Childhood Christmases in my mind were perfect. Except for that one Christmas that we aren’t going to talk about today. It was as if everyone knew how difficult the rest of the year was so they did everything possible to make two days of the year perfect for my brothers and I, our birthdays and Christmas.
My grandparents had a small Thomas Kincade like house. It was warm and cozy on the inside while cold winter storms raged outside. Icicles hung from the porch and garage roofs dripping droplets of shattered ice onto the walkways, one last obstacle against the warmth that beckoned from within. Upon entrance, steam whisked away into the frigid air from the kettle of boiling potatoes next to the open door. The aroma from the ham cooling on the stove top next to the potatoes was intoxicating. Grandma had a counter full of food, homemade pies and cookies too. Every year grandma had a chest cold. She coughed and coughed though she didn’t seem to mind. Soon Aunt Grace showed up with her brother Harold. Aunt Grace always brought cranberry sauce and the fruitcake that my brothers and I didn’t like to eat.
I was always first to ask if we could open our presents right away. Grandma always said “no”, but we could look inside our stockings that were hung over the fireplace. My brothers and I each had a stocking that contained our favorite candy. There was a tiny stocking for grandpa hanging in the corner that held one peanut. What drew our attention the most though were the boxes of wrapped gifts under the tree. We were always peeking in hopes of finding a big box with our name on it. My grandparents cut their own Christmas tree from their tree farm. It stood on top of a large round end table in front of a big picture window. The tree was always lopsided in some way or another, but we never noticed. Grandma always covered the trees with tinsel and old fashioned ornaments.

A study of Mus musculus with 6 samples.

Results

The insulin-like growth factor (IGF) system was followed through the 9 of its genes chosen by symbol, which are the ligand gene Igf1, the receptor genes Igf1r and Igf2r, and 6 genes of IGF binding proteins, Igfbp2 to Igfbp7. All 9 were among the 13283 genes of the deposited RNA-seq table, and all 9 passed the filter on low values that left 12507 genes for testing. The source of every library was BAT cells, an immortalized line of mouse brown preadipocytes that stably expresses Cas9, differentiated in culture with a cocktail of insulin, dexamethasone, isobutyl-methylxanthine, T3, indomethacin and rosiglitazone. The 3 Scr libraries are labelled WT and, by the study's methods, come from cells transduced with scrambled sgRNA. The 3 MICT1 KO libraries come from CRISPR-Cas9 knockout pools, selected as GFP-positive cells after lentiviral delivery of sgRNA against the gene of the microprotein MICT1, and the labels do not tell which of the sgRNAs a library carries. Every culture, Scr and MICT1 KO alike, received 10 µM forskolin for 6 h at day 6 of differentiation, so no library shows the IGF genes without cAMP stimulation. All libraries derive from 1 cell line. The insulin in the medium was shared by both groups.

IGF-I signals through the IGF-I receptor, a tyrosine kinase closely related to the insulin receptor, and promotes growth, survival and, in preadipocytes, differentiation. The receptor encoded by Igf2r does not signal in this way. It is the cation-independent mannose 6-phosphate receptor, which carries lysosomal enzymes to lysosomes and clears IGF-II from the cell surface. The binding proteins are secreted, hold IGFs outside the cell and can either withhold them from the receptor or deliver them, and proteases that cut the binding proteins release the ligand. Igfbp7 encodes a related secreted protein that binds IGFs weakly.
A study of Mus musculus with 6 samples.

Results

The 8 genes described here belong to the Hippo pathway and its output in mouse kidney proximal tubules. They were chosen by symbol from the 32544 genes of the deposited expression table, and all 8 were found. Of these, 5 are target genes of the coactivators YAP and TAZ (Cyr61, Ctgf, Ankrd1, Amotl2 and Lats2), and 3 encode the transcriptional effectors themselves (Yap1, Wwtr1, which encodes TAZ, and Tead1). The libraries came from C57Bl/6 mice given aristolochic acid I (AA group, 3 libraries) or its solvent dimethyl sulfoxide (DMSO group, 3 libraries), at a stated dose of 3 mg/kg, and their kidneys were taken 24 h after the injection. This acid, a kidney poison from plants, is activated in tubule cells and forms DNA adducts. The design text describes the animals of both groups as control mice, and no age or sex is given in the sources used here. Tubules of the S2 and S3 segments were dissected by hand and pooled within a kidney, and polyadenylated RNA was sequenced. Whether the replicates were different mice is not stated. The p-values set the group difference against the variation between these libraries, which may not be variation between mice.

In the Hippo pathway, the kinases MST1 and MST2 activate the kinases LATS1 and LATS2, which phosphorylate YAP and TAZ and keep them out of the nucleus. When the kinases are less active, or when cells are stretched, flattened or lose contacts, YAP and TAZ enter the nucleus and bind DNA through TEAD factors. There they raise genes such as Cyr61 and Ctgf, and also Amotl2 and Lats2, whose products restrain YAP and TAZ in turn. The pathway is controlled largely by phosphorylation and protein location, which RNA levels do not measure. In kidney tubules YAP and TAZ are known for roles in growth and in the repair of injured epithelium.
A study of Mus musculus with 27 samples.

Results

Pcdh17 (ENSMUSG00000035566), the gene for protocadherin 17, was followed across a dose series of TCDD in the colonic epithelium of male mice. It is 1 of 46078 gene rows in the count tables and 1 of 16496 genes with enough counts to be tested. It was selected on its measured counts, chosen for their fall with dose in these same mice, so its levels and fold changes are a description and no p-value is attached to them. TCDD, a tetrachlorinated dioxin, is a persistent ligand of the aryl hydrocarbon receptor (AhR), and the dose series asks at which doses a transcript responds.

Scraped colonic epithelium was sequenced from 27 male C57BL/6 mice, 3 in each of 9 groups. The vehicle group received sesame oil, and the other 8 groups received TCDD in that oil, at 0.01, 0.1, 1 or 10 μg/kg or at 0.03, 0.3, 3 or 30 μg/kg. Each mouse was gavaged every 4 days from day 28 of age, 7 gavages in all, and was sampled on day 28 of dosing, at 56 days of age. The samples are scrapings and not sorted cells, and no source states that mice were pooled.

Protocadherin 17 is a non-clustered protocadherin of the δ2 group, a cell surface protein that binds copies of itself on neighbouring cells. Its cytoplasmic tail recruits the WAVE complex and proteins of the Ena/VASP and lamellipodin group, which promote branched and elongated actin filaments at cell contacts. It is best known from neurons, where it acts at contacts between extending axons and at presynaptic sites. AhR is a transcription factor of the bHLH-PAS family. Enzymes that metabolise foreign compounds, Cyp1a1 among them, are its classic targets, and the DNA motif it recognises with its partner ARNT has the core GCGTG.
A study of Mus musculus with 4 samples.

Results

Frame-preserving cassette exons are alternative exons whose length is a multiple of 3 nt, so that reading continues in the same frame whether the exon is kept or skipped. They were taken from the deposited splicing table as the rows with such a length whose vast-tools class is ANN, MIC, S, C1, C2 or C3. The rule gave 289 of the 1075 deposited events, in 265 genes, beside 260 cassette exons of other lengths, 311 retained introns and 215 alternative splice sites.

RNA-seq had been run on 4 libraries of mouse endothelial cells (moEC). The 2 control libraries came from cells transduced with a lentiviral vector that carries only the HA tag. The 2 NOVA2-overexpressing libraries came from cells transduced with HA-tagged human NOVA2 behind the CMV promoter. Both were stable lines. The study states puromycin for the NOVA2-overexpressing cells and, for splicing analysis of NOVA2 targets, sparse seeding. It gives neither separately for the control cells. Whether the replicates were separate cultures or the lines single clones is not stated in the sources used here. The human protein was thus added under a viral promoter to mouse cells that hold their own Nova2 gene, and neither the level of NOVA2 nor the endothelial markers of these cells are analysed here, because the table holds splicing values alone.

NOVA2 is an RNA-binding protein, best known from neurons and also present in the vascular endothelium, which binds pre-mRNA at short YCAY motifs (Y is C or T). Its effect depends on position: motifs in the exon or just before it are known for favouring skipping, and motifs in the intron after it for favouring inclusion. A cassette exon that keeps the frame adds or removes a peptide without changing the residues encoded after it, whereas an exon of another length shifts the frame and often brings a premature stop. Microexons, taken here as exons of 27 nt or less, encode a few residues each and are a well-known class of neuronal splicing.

After lunch, we all sat in our places that we sat in every year to open gifts. Uncle Harold sat in the rocking chair near the fireplace. He always laughed a lot on Christmas day. We didn’t see him a lot the rest of the year because he was always working. I sat on the love seat near the tree. In my memory, there was always 3 feet of snow on the ground with an inch of playful snow that swirled around in the wind. After we were done opening gifts, we would have a fire in the fireplace. Christmas day was the only day of the year that my grandparents used the fireplace.
We always stayed at my grandparents until it got dark. We played with our new toys. The men slept in their chairs. Aunt Grace always made sure that the dishes were done. Grandma put away the extra food and took down the fancy table with the red tablecloth. It was Christmas perfection in a nutshell. Even if Matt had a meltdown on Christmas day, I never remembered that. I couldn’t remember that. To me it was always perfect and magical.